T and I are taking a rest day (June 17) at Peter Lougheed Park after hiking another 8 days and 195km on the Great Divide Trail from Coleman, AB. We’re now at 344km out of 2240km in our GDT yo-yo. Note that I am slow in posting this due to poor internet, and once again, T has written a better account than me here.
After the first section showed us just June can still be winter in the Rockies, we were content to start this leg on 60km of low elevation ATV trails and dirt roads, even if it did feel a bit odd to out walking as people blast by on ATV’s. Employing less than the most efficient transit method always feels a bit silly.
I also appreciated the easy trails because my IT band in my left knee is still bugging me from the Bob Open. It’s not the type of injury where walking it off is the ideal treatment, but I’m hoping it’s healing faster than I’m re-injuring it. Thankfully, it is slowly feeling better and the rest of my body is rapidly being whipped into thru-hiker form. I’m down probably 10 lbs already, feeling stronger on the climbs and less satisfied at meal time.
Finally after 60km we returned to the alpine on the original 100km section of the GDT built by volunteers in the 70s to link Canada’s major mountain parks in the central Rockies (Banff, Jasper, Yoho, Kootenay) with Waterton/Glacier at the south end of the Canadian Rockies. The return to hiking trails was dramatic, as we wandered over the vast shoulder of Tornado Saddle (2330m). It was so awesome, as the pictures can only sort of show.
Over the next few days, we crossed many more stunning alpine sections, showing us that even while this part of the Rockies has borne a lot of resource use, the mountains still lack nothing compared with the better known peaks ahead.
We were also thrilled to find much less snow. Whereas the first section was nearly 1/2 snow, we only walked perhaps 10 km on snow in section 2 out of 190 km. Still, we found some good snow fields and put in our share of postholes and snowshoe tracks, while unsurprisingly seeing just one other party in the backcountry.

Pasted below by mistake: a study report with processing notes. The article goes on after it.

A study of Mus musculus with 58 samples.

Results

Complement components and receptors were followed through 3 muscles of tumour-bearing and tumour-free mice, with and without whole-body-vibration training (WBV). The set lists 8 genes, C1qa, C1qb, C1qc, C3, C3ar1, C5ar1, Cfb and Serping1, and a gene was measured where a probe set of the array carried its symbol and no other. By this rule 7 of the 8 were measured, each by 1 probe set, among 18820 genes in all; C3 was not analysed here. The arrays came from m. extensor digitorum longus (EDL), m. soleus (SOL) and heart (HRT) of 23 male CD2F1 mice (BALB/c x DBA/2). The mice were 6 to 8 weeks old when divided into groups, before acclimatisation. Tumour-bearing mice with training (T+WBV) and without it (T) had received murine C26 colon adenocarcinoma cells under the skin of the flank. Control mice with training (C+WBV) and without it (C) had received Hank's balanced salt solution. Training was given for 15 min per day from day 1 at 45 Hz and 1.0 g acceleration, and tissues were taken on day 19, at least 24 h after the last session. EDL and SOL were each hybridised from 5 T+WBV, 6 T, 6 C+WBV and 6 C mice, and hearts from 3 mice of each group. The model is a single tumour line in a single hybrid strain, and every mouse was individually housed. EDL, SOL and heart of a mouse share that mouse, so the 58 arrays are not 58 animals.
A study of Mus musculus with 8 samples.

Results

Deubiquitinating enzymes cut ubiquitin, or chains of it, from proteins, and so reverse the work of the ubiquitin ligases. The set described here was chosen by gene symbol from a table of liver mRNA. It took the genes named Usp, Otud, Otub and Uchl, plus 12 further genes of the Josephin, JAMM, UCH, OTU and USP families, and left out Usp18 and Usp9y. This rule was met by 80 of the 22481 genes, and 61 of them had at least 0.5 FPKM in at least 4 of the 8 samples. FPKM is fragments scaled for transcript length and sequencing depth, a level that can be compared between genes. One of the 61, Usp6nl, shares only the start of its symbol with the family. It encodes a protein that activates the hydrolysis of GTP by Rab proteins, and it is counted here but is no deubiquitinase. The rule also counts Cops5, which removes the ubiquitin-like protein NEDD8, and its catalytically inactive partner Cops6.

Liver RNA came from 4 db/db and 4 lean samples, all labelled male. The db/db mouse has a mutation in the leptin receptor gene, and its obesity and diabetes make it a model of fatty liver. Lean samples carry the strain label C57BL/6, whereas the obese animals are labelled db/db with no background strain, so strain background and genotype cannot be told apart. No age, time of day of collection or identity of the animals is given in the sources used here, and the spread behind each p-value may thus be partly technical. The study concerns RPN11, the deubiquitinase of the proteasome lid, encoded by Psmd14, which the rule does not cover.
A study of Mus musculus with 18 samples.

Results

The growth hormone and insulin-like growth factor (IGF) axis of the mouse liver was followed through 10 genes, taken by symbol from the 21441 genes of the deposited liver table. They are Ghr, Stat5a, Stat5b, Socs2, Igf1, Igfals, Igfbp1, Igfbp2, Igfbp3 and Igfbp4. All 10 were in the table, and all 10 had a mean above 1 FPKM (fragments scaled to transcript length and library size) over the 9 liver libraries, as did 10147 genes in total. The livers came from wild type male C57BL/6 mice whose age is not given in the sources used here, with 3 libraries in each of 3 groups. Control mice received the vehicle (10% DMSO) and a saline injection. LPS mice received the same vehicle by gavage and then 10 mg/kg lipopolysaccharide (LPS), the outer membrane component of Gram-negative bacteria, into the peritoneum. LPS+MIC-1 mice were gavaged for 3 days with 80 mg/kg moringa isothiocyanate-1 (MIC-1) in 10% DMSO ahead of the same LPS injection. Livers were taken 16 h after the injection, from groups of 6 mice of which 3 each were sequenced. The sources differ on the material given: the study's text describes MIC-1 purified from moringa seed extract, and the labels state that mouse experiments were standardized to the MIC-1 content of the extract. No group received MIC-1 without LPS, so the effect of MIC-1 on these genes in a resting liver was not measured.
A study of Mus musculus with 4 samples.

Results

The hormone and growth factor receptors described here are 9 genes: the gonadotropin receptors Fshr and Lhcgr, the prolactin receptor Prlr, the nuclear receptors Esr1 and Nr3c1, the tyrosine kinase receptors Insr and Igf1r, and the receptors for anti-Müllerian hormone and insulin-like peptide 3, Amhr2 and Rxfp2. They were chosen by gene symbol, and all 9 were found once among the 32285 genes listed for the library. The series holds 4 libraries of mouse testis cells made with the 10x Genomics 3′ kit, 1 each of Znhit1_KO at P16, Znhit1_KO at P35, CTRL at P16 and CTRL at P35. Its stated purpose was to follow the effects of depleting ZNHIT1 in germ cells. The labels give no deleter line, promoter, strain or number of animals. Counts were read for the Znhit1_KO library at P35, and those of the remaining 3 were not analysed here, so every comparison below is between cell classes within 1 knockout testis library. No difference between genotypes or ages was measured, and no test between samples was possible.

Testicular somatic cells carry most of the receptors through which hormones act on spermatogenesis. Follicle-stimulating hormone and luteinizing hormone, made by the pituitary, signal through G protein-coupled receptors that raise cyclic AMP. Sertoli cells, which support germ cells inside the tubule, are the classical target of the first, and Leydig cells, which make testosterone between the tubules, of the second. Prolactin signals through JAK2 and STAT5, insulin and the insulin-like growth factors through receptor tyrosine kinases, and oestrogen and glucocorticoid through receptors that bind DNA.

We also had our first wildlife encounter of the trip. While going to sleep at Oldman River pond, a local moose wandered out into the pond. We could hear something stomping around there, so I cracked open the vestibule and took a few pictures before a worried T urged me to scare it away.
After 150 km of section 2, and before entering Canada’s mountain parks for nearly all of the next 800 km, the GDT did a final 25 km section of dirt road. It was here that our two week old trip started to feel like a thru hike. We took our afternoon coffee break for nearly an hour, sprawled out in some ditch, along the side of some road. We laughed at how simple our life was and realized “when you’re laying in a ditch with no solid idea of where you are, you’ve moved beyond hiking into thru-hiking”.
We’re enjoying our day off at Peter Lougheed but excited to start the 210 km third section, as its nearly all hiking trail, tall peaks, parks and glaciers. We’re hoping it too will feel like summer in the mountains, but we’re not as confident with quite a few high elevation stretches lie ahead, including the famous “Rockwall Trail” this lies in the shadow of cliffs and generally isn’t snow free until August.
The last 10 km of section 2 were a prelude to this third section, as we walked out of clear cuts and into Elk Lakes Provincial Park.